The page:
That was fast!
It was in December when we wrote about Nickelodeon’s efforts to revitalize the network’s ratings, by banking heavily on the success of a new musical TV show titled How To Rock, and its chosen star, Cymphonique Miller, a name you might immediately recognize; she’s Master P’s 15-year old daughter.
Will Smith often gets criticized for sheperding his children’s careers, but the Master P family is certainly building an entertainment empire of its own. His son, and Cymphonique’s older brother Romeo Miller, formely known as Lil Romeo, also headlined his own Nickelodeon series a few years ago, and went on to appear in big screen projects, in addition to a music career.
No *hate* here though; not from me anyway.
And certainly none from Nickelodeon, a network that, as I said, had been facing ratings trouble, competing with the Disney Channel for kiddie eyeballs.
“We’re hoping for great things from Cymphonique – a big, fat, giant hit; That’s what I’ve been working for with this series, so why not say it?” said Margie Cohn, president of original programming at Nickelodeon to the New York Times. And the company reportedly put mucho advertising muscle behind the new show; for example, an 8-part video series introducing Cymphonique Miller to the series’ target audience; also a song Cymphonique sings in episode 1 of the series was made available on iTunes on Christmas day.
How to Rock, produced by the same production company responsible for The Sisterhood of the Traveling Pants, centers on “a popular girl who is rejected by her perfectly coiffed clique – a group of girls called “the Perfs” – after she gets glasses and braces. The joke is on them as she joins a band and creates a new cool crowd.”
And the young Ms Miller stars as the girl described in the above synopsis, with the series making its debut on February 4th, 2012.
Skip ahead to yesterday, August 26th, when series executive producer David Israel, announced on his blog that Nickelodeon will be canceled after season 1, the current season.
There have been rumors swirling around about the future of How To Rock so I thought it time to set the record straight. Nickelodeon has decided, unfortunately, not to give How To Rock a second season. I know this news will be very disappointing for many of you. Believe me, it’s disappointing for me, too.
And why isn’t the show being renewed for a second season after all that hype? Israel had this this say:
There’s no one simple answer. Nickelodeon is going through a transition right now. You already know that iCarly and Victorious are not coming back. Nickelodeon has many new shows in production and development that they believe will better suit their audience. While I don’t love their decision, I have no choice other than to accept it. The Nickelodeon executives who’ve worked on the development and production of How to Rock have been incredibly supportive of the show this past year. They’re good people who want nothing more than to make the best shows for their audience. I know it wasn’t an easy decision for them — they truly do like the show — and I’m grateful for the time and energy they’ve put in to make How To Rock as good as it is. Or was.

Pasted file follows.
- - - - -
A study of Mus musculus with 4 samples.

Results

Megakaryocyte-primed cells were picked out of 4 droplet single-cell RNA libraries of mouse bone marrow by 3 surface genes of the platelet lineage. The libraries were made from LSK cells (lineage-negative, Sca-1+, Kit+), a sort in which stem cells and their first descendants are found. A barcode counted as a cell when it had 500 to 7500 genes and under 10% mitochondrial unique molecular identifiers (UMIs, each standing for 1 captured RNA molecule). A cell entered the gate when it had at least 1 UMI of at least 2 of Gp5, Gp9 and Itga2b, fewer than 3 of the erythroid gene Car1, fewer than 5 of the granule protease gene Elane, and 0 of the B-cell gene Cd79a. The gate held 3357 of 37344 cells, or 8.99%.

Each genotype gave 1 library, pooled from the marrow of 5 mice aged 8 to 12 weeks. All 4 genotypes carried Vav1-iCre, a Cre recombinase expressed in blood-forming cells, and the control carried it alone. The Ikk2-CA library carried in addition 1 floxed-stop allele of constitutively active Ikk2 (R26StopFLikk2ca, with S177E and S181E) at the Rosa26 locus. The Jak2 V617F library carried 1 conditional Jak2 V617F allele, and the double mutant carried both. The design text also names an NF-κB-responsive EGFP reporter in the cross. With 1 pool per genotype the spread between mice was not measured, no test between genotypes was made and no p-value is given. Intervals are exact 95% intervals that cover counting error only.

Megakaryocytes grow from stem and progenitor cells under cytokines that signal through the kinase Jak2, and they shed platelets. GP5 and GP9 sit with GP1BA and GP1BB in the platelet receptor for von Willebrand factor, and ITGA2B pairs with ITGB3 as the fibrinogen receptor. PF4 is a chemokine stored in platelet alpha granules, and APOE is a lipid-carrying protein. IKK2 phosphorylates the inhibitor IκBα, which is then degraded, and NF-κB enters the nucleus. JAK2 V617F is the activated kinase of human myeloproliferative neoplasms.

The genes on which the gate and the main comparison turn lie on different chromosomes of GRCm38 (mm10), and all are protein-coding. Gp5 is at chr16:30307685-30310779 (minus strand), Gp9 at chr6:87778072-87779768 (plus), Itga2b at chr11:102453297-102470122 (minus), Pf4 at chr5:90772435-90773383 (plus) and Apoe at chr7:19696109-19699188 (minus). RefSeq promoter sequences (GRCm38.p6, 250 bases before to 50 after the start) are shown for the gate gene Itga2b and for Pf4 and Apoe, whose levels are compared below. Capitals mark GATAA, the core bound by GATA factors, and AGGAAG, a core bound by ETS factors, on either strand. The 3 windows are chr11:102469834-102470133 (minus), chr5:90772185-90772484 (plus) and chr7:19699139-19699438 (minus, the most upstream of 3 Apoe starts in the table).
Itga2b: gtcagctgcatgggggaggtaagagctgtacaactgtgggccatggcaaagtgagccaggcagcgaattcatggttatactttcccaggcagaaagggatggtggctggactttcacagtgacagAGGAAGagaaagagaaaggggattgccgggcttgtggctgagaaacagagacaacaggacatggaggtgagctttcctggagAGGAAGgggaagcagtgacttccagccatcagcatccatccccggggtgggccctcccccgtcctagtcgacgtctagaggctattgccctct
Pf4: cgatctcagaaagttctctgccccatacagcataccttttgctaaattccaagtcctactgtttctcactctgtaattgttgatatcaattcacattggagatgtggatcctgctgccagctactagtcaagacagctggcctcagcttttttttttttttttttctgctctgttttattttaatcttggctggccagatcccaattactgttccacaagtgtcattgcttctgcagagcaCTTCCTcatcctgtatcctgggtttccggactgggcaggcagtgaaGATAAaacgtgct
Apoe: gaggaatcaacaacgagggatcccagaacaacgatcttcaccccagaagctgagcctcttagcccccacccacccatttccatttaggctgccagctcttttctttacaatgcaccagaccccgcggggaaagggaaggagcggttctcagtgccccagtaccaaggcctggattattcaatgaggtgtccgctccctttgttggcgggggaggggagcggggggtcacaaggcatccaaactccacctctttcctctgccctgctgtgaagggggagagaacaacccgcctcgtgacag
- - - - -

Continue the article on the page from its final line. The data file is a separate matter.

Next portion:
So there you have it. Case closed I guess.
But for fans of the series, you should know that there are still 9 episodes left in the season. Israel says Nickelodeon will air them all, starting on September 22nd, through December 8th.
According to Deadline, the series premiere of How To Rock drew 3.3 million total viewers, winning its time slot across all of TV with kids 2-14, which is the network’s target audience.
And its ratings continued to remain strong, until a recent slip. However, average viewership has stayed above 2 million. But it doesn’t look like ratings were solely responsible for the cut.
I’m not in Nickelodeon’s target audience, and I haven’t seen a single episode of the show (although I’ll probably check out an episode or two just so I can get a feel for Cymphonique’s talent, and be able to talk about the series.
No word on where she might head or what she might do next, but I’ll certainly be watching the young Ms Miller’s career from here-on, as she ages.
It’s not often that a TV mainstream network makes this much of an investment into project starring a person of African descent – and a relatively unproven talent as well. Although, it all matters little now, since the show’s ending after its only season.